Dir/scr: Wang Quanan. China. 2009. 100 mins.
The story of a poor, terminally ill factory worker in mainland China develops in unexpected ways in Weaving Girl, a touching, small-scale drama featuring a strong performance from the actress Yu Nan.
Yu Nan gives the film a great deal of its energy in her portrayal of a strong-willed, passionate woman forced to give up on life too early.
Director Wang Quanan’s follow-up to Tuya’s Marriage, which unexpectedly took home the 2007 Berlin Golden Bear, Weaving Girl was bypassed by top festivals but could have an interesting second life as a specialty release. Although it initially seems to be an indictment of working conditions in China, the film ends up telling a personal story that, although not as politically incisive, will strike a more universal chord for audiences around the globe.
Winner of the Jury Grand Prix and FIPRESCI award at this year’s Montreal World Film Festival, Weaving Girl should travel widely on the festival circuit and may also appeal to older viewers and cinephiles in the West.
Confident and outspoken, Li Li (Yu) works in a textile factory, a strict institution that docks workers’ pay for even minor infringements. After suffering frequent nosebleeds and even passing out, she and her husband visit a hospital. The doctor tells her it is a minor condition, but then informs her husband in private that Li Li suffers from leukemia - a conversation she overhears. Without enough money to treat the disease, Li Li gives up hope of a cure.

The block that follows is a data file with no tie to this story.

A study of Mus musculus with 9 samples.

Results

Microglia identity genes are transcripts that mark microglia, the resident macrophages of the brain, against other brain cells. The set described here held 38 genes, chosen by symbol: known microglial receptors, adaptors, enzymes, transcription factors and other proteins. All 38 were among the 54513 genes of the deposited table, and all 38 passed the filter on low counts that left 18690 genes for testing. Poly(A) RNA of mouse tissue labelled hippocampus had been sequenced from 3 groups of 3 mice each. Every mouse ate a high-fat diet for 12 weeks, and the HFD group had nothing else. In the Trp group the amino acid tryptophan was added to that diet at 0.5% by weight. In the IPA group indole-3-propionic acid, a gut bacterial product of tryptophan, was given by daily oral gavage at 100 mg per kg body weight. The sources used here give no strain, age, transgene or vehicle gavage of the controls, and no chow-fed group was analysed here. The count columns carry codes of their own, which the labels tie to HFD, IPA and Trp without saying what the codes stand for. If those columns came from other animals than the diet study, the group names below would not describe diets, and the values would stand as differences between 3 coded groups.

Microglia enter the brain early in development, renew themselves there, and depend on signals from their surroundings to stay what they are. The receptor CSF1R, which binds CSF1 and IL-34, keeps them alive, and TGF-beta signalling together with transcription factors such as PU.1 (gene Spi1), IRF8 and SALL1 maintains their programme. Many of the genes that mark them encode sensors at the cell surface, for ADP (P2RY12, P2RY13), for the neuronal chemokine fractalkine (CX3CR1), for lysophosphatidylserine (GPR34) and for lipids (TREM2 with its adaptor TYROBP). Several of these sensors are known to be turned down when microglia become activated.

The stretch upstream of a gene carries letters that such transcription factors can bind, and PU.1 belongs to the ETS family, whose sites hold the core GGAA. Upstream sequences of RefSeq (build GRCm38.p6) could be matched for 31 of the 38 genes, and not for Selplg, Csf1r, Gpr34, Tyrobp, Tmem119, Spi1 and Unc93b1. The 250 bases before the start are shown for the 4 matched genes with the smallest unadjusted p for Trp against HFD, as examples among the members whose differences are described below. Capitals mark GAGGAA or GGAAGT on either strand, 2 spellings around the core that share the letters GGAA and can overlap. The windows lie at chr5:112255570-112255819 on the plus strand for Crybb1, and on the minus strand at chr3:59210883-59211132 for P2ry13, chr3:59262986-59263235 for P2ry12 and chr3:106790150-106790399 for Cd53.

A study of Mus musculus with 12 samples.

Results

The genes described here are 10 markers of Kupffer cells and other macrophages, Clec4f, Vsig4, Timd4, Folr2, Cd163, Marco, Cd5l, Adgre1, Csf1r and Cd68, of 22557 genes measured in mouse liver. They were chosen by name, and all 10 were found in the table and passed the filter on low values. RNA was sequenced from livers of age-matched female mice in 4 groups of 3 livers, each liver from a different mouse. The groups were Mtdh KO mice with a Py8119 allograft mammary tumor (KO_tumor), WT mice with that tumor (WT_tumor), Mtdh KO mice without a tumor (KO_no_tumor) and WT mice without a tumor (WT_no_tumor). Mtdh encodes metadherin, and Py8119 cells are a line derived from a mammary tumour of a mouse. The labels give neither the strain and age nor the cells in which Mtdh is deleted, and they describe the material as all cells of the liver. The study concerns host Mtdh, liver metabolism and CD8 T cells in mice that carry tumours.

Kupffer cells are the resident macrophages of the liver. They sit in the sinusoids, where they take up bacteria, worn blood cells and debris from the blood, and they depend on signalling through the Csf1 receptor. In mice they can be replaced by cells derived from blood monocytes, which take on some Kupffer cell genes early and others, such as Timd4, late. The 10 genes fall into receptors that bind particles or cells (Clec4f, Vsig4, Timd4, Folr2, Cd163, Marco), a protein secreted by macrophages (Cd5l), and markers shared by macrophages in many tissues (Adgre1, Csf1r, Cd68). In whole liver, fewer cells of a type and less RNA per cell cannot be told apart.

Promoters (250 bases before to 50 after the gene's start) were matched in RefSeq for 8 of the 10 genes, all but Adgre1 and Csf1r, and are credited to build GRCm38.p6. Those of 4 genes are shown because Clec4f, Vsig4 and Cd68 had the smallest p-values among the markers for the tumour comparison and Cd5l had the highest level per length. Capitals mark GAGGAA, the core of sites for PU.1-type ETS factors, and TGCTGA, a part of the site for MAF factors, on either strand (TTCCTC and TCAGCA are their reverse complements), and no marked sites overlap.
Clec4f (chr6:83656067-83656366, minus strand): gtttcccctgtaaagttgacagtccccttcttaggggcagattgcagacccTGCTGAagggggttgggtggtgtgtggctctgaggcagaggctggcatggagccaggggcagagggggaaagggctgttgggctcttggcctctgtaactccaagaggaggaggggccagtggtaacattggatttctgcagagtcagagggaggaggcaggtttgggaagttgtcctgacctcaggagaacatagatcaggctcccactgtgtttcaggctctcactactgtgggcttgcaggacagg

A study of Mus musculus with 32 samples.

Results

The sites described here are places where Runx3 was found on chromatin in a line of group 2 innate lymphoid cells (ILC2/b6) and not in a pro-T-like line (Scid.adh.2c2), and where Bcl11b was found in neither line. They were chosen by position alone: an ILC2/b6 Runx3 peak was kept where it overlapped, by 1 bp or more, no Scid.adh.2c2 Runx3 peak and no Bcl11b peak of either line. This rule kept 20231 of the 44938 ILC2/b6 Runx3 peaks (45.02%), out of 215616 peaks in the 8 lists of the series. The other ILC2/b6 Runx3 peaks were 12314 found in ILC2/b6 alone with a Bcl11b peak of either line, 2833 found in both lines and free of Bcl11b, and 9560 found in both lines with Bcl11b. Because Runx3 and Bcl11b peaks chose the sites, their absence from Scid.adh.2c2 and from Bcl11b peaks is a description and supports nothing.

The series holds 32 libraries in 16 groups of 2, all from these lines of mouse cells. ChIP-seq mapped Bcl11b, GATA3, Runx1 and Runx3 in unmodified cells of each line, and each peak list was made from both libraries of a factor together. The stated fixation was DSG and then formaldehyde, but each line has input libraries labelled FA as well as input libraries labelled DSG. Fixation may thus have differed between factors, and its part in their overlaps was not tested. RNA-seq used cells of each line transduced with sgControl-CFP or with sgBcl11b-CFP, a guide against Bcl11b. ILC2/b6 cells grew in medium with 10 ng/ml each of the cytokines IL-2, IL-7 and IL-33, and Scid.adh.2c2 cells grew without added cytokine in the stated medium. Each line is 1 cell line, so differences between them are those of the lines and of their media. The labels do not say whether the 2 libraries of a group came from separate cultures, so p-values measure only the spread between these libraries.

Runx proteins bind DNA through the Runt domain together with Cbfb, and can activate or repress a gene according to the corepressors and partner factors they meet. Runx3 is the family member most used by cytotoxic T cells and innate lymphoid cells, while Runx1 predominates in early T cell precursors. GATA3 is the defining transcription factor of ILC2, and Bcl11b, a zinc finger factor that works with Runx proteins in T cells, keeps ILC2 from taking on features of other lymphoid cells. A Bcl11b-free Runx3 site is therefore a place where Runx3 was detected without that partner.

With the factory in danger of closure, Li Li joins some of her coworkers at the local dance hall, where she can earn 10 yuan per song by dancing with strangers. A conversation with a travel agent gives her the idea to take a trip, and she announces to her husband and young son that she will visit Beijing. Secretly, though, she intends to track down a man she had hoped to marry in her youth.
Wang has a talent for incisive cinematic touches that lend colour to his story. In the opening scene he uses the mechanical din of the textile factory like a musical instrument, capturing both the chaos of the workplace and Li Li’s fury at having her pay docked. Other sequences are more modest in their presentation but stand out for their quiet force, such as Li Li’s reunion with her old lover, or a scene where she and her neighbours are out riding bicycles.
Yu Nan gives the film a great deal of its energy in her portrayal of a strong-willed, passionate woman forced to give up on life too early. Notably, even as her character becomes resigned to her fate, she projects an inner strength that prevents Li Li from seeming in any way diminished.
Cinematography by Wang’s regular collaborator Lutz Reitemeier is mostly restrained. The film’s ending contains perhaps one too many flourishes on the part of the director, but a rendition of the folk song Weaving Girl by the Soviet Red Army Chorus during the end credits is stirring.